YOUR BUSINESS ... PRICING
the essential decisions for any business ‑ but especially for new businesses ‑
is the price of your product or service.
Before the pricing decision can be made, it is essential to do some
What is the competition doing, and what is their market position ‑
premium, top of the line; or high volume / low mark‑up?
Where do you wish to position your business, product line, or service?
Determine the following for each of your products or services: Fixed costs
(rent, utilities, salaries, etc) and Variable Costs (selling expenses, cost
of production). Both have different effects on your pricing (and profit).
Some new companies make the mistake of only pricing to cover variable costs,
plus a small profit, and forget that over time the fixed costs are equally
us have heard the phrase "fair price", usually in connection with the mark‑up
over wholesale cost. THERE IS NO SUCH THING AS A "FAIR PRICE". Price is merely
the economic value that customers place on your product or service, and has
nothing to do with your cost. (If the price you need to charge is under
your costs, then your customers do not place the same value on your product as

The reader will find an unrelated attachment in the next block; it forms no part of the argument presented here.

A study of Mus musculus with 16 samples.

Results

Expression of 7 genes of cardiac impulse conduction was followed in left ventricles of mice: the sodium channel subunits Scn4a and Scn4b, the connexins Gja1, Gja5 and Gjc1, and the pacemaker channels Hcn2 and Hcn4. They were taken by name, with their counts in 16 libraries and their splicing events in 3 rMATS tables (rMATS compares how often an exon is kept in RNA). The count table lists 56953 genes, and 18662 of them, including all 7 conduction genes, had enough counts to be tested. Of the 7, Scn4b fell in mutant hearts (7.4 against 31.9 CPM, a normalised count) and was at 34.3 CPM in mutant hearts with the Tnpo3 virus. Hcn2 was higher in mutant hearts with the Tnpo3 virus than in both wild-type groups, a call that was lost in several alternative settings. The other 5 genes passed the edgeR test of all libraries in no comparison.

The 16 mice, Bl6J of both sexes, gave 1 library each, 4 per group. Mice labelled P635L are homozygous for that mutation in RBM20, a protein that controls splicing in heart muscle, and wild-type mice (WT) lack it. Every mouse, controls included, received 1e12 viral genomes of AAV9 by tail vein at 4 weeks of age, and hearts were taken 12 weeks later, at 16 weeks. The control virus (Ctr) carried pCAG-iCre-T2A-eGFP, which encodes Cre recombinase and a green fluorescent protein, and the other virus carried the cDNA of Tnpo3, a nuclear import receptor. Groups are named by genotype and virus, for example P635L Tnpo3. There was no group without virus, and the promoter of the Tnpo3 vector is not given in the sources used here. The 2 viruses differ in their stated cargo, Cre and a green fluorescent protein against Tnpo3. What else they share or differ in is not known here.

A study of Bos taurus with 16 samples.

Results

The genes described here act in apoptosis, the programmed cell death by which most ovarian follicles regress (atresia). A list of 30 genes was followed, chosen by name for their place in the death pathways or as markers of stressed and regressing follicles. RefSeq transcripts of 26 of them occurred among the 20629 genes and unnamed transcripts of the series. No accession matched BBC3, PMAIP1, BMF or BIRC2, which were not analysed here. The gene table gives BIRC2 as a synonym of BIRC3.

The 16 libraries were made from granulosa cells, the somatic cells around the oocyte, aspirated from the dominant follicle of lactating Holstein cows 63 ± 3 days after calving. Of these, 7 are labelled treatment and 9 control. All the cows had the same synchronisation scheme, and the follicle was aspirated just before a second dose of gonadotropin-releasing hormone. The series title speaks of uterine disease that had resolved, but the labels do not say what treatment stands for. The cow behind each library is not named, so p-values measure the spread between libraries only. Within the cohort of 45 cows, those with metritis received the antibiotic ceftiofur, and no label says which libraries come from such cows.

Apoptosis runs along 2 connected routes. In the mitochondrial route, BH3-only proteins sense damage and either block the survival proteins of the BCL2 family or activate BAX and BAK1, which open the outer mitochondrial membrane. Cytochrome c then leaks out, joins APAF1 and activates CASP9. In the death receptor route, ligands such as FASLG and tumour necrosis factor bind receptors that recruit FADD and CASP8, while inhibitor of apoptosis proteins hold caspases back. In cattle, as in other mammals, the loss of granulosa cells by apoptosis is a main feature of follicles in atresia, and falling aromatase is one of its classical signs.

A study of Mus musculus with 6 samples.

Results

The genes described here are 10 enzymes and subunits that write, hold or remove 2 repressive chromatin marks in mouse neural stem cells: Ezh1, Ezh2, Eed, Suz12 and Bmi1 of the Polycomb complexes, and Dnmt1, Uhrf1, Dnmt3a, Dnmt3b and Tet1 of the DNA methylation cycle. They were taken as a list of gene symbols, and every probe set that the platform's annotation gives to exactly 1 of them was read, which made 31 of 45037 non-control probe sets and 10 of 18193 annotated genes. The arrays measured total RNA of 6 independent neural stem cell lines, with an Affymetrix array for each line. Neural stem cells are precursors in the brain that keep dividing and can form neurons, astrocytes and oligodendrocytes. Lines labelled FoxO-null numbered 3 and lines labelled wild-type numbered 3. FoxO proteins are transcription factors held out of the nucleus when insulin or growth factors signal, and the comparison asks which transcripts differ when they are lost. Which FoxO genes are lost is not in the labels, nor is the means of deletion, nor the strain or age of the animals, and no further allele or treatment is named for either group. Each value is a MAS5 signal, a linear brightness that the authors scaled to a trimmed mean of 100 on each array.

you do, and maybe you should not be in that business).
Perfume ‑ do you think that the cost has any relationship to the retail
price of $20.00 or more per once? The price is more a factor of perceived
image than manufacturing cost.
"Fortune Magazine" ‑ first published in the Depression when typical
newsstand prices were 20 cents per issue. Through an error, the first issue
was priced at $2.00! Customers thought: "If it costs that much, it has to
be good". It never had to lower its price. BUT the managers and editors
reacted positively, thinking “if it's priced that high, we'd better make it
worthwhile to our readers”!
Computer software can be priced to recover development cost, plus the cost
of distribution, plus a profit (which creates a very small profit and
discourages competition) OR it can be priced in proportion to the savings
received versus doing the same task by manual methods (a much larger initial
profit margin, until competitors begin to arise!).
Therefore if you are in a situation where you have initial pricing
flexibility, you can choose any price you wish, so long as the customer also
receives value for what they are receiving. Every business transaction
should be win:win for both customer and supplier. If you are unsure what
customers will pay for your product or service, you can find out price
sensitivity by picking two widely separated geographic markets and advertise at
Helwig is President of Economic Strategies, Ltd., a consulting firm
established in 1983 which specializes in assisting entrepreneurs in starting and
financing businesses (www.econstrategies.com).